Financial Secretary John Tsang Chun-wah has again ruled out scrapping property-market cooling measures for the moment despite homes prices being on the wane.

It's too early to do so, and the

government will continue to keep land supply stable, he told a press conference on Wednesday shortly after delivering his ninth budget.

"It's still too early to decide whether to waive these cooling measures," he said."The government will maintain stable land supply as the demand for housing is still massive in Hong Kong."

Citing rising interest rates and increased homes supply in the mid-term, the financial chief warned that the public should carefully assess the "potential risks", in particular, the impact of interest-rate hikes on their mortgages, and their own financial position when deciding whether or not to buy a home.

The government slapped a series of measures in early 2013, including higher stamp duties and curbs on housing loans, in a bid to cool a runaway property market.

Under the 2016-17 Budget, 280,000 public-housing units will come on stream in the next decade, while 29 residential sites providing for 19,000 private apartments will be up for grabs this fiscal year, compared with lands for 20,000 private units in the past year.

With other residential land sources, including railway and urban renewal projects, as well as private-sector redevelopment, the potential land supply for the coming fiscal year is expected to provide a total of 29,000 private apartments.

"The land supply program is in line with the previous plan to provide 48,000 housing units a year. It's not massive and wouldn't add pressure to the local homes market," said Alva To, Greater China head of consulting at DTZ/Cushman & Wakefield, adding that the real challenge is rather external.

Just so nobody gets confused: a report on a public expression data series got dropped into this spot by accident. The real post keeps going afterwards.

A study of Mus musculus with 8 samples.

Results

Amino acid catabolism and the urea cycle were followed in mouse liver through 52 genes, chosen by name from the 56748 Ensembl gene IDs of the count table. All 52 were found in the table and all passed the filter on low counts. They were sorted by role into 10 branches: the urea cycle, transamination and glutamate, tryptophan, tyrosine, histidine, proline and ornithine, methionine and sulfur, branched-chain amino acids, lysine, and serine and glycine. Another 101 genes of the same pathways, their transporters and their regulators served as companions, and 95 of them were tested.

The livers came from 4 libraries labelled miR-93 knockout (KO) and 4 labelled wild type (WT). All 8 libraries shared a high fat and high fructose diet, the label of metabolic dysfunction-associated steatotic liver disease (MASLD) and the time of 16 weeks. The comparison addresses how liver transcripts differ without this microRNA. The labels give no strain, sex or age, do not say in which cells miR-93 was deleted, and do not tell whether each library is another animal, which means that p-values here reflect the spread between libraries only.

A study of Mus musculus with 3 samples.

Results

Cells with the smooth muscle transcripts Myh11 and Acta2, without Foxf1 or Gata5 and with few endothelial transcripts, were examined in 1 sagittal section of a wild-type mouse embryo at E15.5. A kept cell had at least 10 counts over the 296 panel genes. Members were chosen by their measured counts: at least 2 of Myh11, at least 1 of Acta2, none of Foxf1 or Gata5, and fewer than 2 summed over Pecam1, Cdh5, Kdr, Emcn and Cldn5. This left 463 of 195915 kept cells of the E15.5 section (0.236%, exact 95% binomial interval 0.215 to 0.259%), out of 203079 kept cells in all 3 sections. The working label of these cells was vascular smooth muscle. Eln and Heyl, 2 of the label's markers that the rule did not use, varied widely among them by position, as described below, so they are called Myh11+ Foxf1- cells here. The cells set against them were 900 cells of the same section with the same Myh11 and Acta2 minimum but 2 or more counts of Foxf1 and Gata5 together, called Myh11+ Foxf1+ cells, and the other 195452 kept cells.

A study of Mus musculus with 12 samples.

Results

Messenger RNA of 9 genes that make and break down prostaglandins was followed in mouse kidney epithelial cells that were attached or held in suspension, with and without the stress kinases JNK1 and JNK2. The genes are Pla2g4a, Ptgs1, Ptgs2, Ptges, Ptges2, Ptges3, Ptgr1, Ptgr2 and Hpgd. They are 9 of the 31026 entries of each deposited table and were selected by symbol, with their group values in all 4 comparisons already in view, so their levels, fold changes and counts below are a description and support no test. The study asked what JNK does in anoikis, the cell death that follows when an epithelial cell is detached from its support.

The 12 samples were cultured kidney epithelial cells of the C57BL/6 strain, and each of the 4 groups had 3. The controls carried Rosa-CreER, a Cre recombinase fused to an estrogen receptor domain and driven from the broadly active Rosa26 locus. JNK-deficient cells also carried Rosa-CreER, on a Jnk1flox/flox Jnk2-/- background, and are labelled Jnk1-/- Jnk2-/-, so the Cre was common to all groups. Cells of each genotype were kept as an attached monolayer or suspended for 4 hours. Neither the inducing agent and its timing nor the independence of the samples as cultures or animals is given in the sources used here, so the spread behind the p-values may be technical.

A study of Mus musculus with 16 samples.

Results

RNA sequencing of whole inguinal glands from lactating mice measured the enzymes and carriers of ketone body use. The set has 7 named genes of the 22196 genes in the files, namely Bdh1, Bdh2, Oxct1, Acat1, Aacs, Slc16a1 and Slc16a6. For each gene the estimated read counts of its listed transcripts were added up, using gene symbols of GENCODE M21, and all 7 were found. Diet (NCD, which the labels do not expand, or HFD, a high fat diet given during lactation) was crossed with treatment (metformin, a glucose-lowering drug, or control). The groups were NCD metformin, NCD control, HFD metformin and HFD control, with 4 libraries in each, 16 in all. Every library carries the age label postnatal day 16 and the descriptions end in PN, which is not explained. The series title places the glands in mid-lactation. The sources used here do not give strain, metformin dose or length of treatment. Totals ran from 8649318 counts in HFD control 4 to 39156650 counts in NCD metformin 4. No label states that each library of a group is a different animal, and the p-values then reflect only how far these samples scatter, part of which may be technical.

Yiu Chung-yim, associate professor at the Department of Geography and Resource Management of the Chinese University of Hong Kong, agreed that the government wouldn't be under pressure to cut land supply unless the market deteriorates seriously. "The current supply is merely above the historic lows."

However, To said land prices are on the way down given that property prices have shrunk.

"Land prices usually follow the homes market trend. Given that real-estate prices have fallen 9 percent so far, which is quite significant, we expect land prices to follow suit and come down by more than 10 percent this year. The authorities need to lower land valuation for upcoming auctions to match market expectations," he said.

According to Tsang, Hong Kong's property market has been quieter since mid-2015, and prices have shed 9 percent in the four consecutive months since October.